Among C-level executives, the CIO role arguably has the most delicate balance to master between the strategic and the operational. According to professor Hayagreeva Rao of Stanford University's Graduate School of Business, lumping strategy and operations in one job in the first place may be a fundamental flaw in the design of a job itself.
In his column in October's Harvard Business Review, he notes that people "who can do both [strategy and operations] are exceptionally rare" because the two types of responsibility are so different and usually require totally different, opposite, personalities. A better approach to designing leadership roles is to split the two areas of responsibility. Rao points to, of all things, 17th-century pirates as an example where such a separation was notably effective: there was a captain who carried strategic responsibility ("star" tasks) while a quartermaster general was in charge of operational (or "guardian") activities.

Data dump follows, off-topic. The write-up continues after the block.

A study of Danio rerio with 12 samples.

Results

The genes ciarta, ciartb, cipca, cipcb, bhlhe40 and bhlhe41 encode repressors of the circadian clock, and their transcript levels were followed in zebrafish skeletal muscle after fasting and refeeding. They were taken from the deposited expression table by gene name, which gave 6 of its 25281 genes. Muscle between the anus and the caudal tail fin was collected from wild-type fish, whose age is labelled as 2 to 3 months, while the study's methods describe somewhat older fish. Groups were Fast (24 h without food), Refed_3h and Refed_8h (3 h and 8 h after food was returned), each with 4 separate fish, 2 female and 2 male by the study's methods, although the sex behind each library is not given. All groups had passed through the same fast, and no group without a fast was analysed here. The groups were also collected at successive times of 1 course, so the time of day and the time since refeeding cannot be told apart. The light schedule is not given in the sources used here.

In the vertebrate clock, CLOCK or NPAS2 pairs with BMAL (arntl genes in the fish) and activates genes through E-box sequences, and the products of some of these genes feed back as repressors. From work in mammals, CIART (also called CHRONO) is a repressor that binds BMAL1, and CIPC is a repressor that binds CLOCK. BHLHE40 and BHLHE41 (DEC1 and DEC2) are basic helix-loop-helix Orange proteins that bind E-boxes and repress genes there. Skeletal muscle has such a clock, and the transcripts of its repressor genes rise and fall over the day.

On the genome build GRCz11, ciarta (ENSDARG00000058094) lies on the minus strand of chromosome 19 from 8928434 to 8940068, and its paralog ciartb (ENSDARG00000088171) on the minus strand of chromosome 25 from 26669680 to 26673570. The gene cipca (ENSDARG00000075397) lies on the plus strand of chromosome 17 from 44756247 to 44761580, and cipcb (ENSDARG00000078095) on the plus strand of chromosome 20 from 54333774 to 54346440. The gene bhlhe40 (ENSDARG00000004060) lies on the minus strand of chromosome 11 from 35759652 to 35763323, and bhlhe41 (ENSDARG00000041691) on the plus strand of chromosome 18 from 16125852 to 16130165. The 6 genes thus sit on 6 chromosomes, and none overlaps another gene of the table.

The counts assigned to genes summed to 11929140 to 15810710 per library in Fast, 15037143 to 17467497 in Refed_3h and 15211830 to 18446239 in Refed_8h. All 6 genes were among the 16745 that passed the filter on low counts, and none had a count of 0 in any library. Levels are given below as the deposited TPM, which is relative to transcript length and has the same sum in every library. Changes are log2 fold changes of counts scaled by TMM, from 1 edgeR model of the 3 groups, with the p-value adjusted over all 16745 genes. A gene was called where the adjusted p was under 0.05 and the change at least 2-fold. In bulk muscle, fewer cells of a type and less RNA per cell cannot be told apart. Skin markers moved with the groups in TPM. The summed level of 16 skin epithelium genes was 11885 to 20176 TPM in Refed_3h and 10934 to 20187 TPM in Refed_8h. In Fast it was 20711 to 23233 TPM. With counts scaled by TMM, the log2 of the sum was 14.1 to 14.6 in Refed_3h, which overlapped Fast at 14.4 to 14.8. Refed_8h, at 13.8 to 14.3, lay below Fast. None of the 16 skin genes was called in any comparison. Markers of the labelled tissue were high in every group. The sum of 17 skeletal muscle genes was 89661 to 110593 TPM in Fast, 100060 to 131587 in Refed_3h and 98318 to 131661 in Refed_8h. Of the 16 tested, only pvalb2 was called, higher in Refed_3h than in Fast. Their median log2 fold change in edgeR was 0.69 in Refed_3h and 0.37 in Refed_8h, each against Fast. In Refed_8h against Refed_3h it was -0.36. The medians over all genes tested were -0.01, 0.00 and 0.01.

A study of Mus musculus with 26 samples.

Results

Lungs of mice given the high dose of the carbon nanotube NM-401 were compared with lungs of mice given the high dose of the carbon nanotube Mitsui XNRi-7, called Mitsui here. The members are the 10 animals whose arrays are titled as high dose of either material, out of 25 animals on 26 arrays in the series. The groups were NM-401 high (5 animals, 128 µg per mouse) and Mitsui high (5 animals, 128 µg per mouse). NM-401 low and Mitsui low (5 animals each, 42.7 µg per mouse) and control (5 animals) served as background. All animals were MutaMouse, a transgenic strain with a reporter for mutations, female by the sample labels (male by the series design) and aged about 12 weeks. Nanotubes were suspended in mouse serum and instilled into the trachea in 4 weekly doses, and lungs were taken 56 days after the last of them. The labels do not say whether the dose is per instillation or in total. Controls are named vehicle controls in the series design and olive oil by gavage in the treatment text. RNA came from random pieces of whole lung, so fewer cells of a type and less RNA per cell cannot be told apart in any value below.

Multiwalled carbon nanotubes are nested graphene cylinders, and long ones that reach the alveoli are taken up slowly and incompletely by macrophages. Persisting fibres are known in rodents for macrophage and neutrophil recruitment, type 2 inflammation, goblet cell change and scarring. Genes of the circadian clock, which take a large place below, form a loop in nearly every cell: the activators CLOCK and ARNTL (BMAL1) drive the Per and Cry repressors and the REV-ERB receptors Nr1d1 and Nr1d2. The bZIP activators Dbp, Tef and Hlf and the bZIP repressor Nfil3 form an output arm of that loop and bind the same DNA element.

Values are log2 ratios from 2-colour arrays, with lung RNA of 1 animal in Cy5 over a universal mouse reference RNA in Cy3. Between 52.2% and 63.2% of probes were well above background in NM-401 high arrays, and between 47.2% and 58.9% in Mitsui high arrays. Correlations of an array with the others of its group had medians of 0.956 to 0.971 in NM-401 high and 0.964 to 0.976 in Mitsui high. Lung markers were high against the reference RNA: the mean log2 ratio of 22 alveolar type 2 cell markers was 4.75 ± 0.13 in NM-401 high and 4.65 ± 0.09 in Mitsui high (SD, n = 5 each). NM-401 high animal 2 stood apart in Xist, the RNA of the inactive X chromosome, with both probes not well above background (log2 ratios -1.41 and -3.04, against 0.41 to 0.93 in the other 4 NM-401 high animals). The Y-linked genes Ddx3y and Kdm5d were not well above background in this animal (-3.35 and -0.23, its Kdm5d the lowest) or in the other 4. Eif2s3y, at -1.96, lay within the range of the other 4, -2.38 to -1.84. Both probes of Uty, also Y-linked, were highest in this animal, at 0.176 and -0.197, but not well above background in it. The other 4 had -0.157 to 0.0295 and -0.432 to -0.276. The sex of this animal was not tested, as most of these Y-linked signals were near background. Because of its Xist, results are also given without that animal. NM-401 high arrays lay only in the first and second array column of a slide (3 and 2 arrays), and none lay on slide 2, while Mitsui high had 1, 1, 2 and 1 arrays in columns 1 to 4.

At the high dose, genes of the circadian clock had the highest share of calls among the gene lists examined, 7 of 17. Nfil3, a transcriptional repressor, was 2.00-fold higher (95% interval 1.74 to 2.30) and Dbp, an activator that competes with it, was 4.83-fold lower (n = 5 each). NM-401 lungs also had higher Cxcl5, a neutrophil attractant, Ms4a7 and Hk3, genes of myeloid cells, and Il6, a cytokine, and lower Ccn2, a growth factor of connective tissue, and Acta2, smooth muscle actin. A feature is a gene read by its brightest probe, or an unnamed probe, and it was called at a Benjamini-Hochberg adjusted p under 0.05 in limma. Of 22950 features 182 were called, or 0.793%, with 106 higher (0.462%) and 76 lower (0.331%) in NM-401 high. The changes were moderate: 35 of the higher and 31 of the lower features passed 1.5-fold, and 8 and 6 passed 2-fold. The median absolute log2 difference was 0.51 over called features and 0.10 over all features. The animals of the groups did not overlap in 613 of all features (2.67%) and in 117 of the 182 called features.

In modern corporations, he writes, you see this split in these areas of responsibilities in the CEO and the COO, but it's rare lower in the organization.
The CIO in particular might benefit from a close relationship with an operations-oriented lieutenant in IT. Who is your second in command in IT? Do you think you're making the most of that partnership? It might be worth contemplating, since all C-level executives jostle for prestige in the C-suite. Having a right-hand executive could be a CIO's valuable tool in gaining recognition as a key member of the company's strategic team.
Think about this also if you're looking to hire a senior IT executive you can rely on. As Rao writes, "Bundle star and guardian tasks at your peril."